So I was planning on watching Deadpool. Seriously. I was psyched.
But then I tried to convince my wife that it was worth it. She applied the appropriate amount of disdain for the idea (yes, I had her watch a trailer), but that wasn’t the motivating factor in the end.
What transpired was an in-depth conversation about how much VSL content (violence-sex-language) was too much with my brother-in-law. As I was driving back after our weekend with them, I was verbally-processing to my wife. It went something like this:
C: “Not engaging is not an option for me, even when content is heavy.”
C: “There’s a lot of truth and beauty in some content-heavy material, besides the importance of understanding situations realistically.”
C: “I mean, there are things I won’t watch because of content…”
L: “Are there?”
The truth of the matter is that there haven’t been for quite some time. Walking Dead is “worth it” because of the interesting moral dilemmas. House of Cards was politically intriguing and c’mon, it’s Spacey. What an antihero. Who engages in awful, horrible things. Jessica Jones was not only excellently acted and written, it was a riveting depiction of abuse and manipulation in relationship. Which makes the content… apropos?
I guess I’ve always had a scale in my head that weighed artistic quality and imperative dialogue against offensive content. The problem being that while I was defining it as offensive and leaving it at that, I was gradually becoming less offended where it mattered – in my spirit.
In other words, I’ve been choosing my level of engagement by my ability to ignore offensive content rather than by obedient holiness.
Here’s the thing – engagement in the arts and cultural streams of communication is vital for us as creative people who are the salt and light in this broken world. However, to think that mere engagement for the right reasons makes me immune to unholy pressure is ignorant. Intaking sinful acts, usually portrayed with all of the allure that they inherently hold, is not without consequences. But we are also called to confront darkness with the light of Christ. How do we reconcile our own weakness with our call to courageously and lovingly proclaim Christ to a dying world?
Recall the oft-quoted: “It is shameful even to mention what the disobedient do in secret”? With some context comes further understanding:
For you were once darkness, but now you are light in the Lord. Live as children of light (for the fruit of the light consists in all goodness, righteousness and truth) and find out what pleases the Lord. Have nothing to do with the fruitless deeds of darkness, but rather expose them.
It is shameful even to mention what the disobedient do in secret. But everything exposed by the light becomes visible—and everything that is illuminated becomes a light. This is why it is said: “Wake up, sleeper, rise from the dead, and Christ will shine on you.”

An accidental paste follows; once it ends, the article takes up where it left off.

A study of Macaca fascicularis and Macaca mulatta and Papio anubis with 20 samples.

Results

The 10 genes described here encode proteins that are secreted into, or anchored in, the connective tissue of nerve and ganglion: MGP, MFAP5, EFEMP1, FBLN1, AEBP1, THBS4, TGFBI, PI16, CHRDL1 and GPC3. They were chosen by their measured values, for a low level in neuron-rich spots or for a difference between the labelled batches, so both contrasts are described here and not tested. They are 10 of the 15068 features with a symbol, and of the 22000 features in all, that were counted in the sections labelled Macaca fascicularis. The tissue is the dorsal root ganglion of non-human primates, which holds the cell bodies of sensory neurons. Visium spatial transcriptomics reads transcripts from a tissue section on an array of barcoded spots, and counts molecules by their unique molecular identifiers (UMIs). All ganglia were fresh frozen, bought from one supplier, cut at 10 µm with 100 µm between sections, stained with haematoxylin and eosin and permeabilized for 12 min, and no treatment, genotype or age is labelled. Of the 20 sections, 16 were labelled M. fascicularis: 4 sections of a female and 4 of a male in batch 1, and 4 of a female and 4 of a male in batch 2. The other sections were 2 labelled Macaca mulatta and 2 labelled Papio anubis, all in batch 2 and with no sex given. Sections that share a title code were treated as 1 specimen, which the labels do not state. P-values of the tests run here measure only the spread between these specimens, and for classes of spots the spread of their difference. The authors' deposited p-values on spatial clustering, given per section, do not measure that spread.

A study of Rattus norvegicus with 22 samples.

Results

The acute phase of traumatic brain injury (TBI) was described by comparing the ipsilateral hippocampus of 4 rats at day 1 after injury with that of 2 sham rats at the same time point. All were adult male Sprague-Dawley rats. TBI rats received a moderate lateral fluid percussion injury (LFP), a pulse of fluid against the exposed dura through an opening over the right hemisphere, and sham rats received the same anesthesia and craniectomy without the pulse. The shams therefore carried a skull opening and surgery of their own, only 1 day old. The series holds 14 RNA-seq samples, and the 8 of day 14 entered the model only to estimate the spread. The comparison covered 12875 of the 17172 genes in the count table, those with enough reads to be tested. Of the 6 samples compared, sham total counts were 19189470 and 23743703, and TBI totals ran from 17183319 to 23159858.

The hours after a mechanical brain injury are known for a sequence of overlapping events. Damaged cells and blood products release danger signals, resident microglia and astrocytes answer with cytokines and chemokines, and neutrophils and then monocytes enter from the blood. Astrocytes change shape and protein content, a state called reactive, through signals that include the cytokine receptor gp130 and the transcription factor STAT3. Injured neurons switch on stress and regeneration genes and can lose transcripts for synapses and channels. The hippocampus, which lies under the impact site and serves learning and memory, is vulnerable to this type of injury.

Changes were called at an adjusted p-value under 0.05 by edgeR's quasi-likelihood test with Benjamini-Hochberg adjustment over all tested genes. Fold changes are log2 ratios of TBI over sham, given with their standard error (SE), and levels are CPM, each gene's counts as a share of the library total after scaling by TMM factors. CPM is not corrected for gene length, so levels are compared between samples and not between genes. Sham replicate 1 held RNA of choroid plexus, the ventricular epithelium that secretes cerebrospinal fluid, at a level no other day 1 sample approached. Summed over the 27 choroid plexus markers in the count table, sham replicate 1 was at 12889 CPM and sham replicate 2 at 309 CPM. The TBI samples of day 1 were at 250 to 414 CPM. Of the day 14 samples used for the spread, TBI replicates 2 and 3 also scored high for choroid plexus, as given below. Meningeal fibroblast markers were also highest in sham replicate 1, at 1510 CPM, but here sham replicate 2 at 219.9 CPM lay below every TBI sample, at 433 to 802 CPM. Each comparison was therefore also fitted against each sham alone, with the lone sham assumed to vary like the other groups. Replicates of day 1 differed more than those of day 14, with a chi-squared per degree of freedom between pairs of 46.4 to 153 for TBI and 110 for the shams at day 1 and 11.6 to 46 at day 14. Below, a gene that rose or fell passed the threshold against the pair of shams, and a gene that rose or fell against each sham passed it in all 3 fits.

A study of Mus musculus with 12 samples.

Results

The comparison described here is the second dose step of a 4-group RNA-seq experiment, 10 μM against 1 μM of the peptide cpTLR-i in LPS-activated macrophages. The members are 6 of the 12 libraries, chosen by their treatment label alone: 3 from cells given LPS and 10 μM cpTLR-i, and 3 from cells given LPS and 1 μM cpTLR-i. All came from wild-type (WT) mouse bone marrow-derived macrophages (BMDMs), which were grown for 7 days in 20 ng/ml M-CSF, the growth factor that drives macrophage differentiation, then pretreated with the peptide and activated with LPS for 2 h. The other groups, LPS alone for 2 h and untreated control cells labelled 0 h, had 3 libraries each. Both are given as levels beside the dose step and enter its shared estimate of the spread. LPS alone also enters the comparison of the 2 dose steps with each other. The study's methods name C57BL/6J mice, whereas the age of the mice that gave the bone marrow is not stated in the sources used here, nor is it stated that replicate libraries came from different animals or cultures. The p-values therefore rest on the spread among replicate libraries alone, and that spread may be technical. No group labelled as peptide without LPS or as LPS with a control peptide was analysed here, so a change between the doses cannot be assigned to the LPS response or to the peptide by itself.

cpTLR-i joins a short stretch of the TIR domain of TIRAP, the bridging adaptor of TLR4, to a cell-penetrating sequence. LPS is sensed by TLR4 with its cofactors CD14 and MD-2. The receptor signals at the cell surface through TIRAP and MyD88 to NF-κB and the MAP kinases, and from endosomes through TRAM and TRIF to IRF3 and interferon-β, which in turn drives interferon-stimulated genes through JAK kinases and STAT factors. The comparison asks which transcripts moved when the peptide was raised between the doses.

Be very careful, then, how you live—not as unwise but as wise, making the most of every opportunity, because the days are evil.
Ephesians 5:8-16 (italics added)
In other words, our involvement in culture is an “in-the-world-not-of-it” variety, in which we choose to expose the fruitless deeds of the culture rather than ignore them while we look for truth. Part of living in a truth-suppressing culture is shining the light of Christ into each situation (and media stream) we see.
This is holy obedience. This is faithfulness to Christ. This is believing that our weakness is transformed into strength by His redemption.
Questions we should not ask ourselves are:
- How much can I handle?
- Is the engagement worth the content?
- Will knowing about this increase my street cred with unbelievers?
The prayers we should offer are:
- Lord, what do you want me to do in this moment?
- Help me to see my weakness, and rely on your strength for courage.
- Guide me to holiness and love that will transform my perspective, my soul, and the lives of those around me.
- Guide me through Your Word to know the next steps in this conversation.
This could mean engaging in cultural streams with content depending on the context and the leading. This kind of engagement involves dogged reliance on Scripture, prayer, the Holy Spirit, and the communion of believers to guide our interactions and conversations about culture as we encounter it. It involves the recognition that we sometimes have to sacrifice our own fleshly desires or pseudo-spiritual comfort-fear to clearly communicate the Gospel.
And it also involves humbly listening to those closest to you when they rebuke you (thanks, sweetheart).